Birthday Floatin’

When I first heard of the sensory deprivation float a few years ago, I didn’t really get it.  You float in the water with no sound, light, or gravity…  It sounded kind of dark and scary.


Since then I’ve been trying different meditation and relaxation techniques to manage stress.  A couple of months ago, I came across a coupon for Urban Float in Seattle.  I decided to have my first float on my birthday!  As one of my friends put it, I was going to “spend my birthday in a fake womb.”

それからストレスを減らすために色んな瞑想や、リラクゼーションの方法を試してきました。数ヶ月前にたまたまシアトルにあるUrban Floatという、アイソレーション・タンクを営むサロンのクーポンを入手し、誕生日に自分へのご褒美として試すことにしました!ある友人には「誕生日を、ニセの胎内で過ごすんだね。」とコメントされてしまいました、、、

I made my appointment for the 50-mins float session.   When I checked in, the nice woman there gave me a quick tour of the room & the pod.  It was comforting to know that there is an emergency button inside of the pod…


At this facility, you have an option of floating in a pod that looks kind of like a giant, sci-fi kidney bean (pictured below).  The water is kept at body temperature, and it is a highly saturated epsom salt and water, so your body floats even though the water is less than knee deep.  Once you’re in, you can close the top all the way, or leave it cracked, depending on your comfort level.  You wear ear plugs so the water won’t get in your ears.  This also helps shut out any noise while you float.


space-age pod for floatation

After showering, I wasted no time getting my floatin’ on.  I got in the pod, closed the top all the way and lied down in the water.  It was a strange feeling to just “float.”  Normally, when I’m in the pool or the ocean, I’m trying to swim or move about in the water.  But here, you just lie still.



It took me a few minutes to relax my head.  I’m so used to laying on something solid, something to support my head, so letting my neck to relax in the water was hard.  I was afraid my face is going to be under the water.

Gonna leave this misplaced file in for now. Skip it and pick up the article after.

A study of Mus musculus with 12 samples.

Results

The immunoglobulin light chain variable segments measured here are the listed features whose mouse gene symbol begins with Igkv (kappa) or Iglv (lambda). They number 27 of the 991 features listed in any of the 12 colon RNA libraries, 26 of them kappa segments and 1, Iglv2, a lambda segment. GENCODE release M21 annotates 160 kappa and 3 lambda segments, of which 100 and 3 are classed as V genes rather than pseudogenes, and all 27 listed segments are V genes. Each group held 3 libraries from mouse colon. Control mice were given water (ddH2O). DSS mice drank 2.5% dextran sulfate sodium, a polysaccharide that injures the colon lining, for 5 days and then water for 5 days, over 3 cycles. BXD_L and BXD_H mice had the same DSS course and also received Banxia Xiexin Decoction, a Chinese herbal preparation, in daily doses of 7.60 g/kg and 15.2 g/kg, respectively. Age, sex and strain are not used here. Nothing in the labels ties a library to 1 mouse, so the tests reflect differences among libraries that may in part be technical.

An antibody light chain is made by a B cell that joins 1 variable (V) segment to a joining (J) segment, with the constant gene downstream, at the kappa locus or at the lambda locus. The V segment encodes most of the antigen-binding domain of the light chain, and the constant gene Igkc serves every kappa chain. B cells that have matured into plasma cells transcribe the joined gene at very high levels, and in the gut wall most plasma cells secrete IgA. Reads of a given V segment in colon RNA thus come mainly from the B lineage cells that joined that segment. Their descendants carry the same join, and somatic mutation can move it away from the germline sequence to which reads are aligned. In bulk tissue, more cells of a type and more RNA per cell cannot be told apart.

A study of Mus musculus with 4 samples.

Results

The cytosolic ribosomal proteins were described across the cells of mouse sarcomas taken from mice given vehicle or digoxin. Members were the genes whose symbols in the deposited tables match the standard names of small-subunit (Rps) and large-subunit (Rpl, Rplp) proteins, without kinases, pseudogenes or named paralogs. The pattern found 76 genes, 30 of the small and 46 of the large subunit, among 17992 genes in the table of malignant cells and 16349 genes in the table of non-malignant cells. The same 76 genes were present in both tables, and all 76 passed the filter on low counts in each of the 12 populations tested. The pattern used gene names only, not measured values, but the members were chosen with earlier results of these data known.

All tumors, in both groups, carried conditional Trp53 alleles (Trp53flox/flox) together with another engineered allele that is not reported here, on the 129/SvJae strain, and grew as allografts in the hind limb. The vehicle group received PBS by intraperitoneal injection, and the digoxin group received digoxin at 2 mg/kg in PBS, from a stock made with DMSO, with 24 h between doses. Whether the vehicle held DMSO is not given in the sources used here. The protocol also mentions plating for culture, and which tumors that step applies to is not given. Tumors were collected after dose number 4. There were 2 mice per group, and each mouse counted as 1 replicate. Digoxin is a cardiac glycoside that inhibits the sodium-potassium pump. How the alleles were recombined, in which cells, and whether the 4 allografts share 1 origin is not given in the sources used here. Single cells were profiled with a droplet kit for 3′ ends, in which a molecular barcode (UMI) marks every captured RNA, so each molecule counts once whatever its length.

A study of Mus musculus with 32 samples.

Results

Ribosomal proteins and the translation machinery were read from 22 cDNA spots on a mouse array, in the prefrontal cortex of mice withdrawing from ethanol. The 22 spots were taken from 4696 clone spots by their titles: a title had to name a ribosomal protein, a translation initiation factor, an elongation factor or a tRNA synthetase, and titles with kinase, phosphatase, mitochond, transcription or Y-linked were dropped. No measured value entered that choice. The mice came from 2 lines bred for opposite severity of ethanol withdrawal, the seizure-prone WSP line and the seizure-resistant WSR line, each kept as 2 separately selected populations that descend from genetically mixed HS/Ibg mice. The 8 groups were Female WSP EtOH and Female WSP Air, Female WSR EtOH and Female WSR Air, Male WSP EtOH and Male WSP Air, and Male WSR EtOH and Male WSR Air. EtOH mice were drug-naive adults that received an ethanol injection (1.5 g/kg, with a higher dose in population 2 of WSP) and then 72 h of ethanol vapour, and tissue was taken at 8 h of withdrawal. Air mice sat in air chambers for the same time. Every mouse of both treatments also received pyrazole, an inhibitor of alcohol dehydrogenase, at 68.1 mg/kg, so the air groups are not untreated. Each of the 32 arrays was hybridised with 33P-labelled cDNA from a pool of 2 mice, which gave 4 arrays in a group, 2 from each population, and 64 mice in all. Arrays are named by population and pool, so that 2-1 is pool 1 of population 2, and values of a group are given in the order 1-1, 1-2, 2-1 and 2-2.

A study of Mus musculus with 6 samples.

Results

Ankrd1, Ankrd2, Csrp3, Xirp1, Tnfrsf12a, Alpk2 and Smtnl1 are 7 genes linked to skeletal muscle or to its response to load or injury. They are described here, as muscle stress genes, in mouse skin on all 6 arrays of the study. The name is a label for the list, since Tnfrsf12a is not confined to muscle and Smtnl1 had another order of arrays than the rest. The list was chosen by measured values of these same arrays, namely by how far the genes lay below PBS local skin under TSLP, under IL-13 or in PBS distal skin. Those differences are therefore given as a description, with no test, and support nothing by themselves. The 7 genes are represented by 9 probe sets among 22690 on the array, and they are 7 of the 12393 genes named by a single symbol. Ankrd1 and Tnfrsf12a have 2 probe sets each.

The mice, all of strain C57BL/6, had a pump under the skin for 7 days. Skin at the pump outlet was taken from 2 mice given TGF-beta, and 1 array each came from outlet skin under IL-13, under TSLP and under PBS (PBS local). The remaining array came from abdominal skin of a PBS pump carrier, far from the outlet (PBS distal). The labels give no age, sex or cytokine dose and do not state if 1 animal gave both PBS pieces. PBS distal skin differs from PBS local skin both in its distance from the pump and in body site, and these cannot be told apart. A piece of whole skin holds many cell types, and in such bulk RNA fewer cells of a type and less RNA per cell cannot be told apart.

I was eventually able to let the water support my head, and my eyes, nose and mouth stayed above water.  They play a soothing music for the first and last 5 minutes of your session.


I tried not to move my body once I got the hang of floating.  For some reason I was drifting inside of the pod.Eventually, I stopped drifting.  But whenever I focused on not moving my legs or arms, it started twitching!  Because you don’t have other sensations, I became very sensitive to every little move I made in the water.  I felt the water around me rippling with the subtlest of moves.


I thought I read on their website that the light inside of the pod would automatically turn off with the music, so I just floated there for several minutes.  I opened my eyes to see if the light had turned off, but it was on…  Actually, it stayed on for the entire time.  I could’ve turned it off manually, but at that point, I didn’t feel like getting up to push the button, so I let it go.  I could also hear sounds from outside as the facility is right by a busy street.


I went in and out of sleep while floating.  Had mini dreams.  Then the music came on to let me know that my time was ending.  It went by too quickly!


I got out of the pod, showered, and got dressed.  I felt super relaxed and a little groggy afterwards.  I drank lots of water and cooled off before heading out to the busy outside world!


My very first floating experience didn’t exactly knock my socks off, but it really helped me feel relaxed and detoxed.  I would be very curious to see how I would feel if I had an actual “sensory deprivation” experience, you know, without any light or sounds.  I’m sure it affects different people differently.  If you ever wonder what it’s like, try it and see how you feel!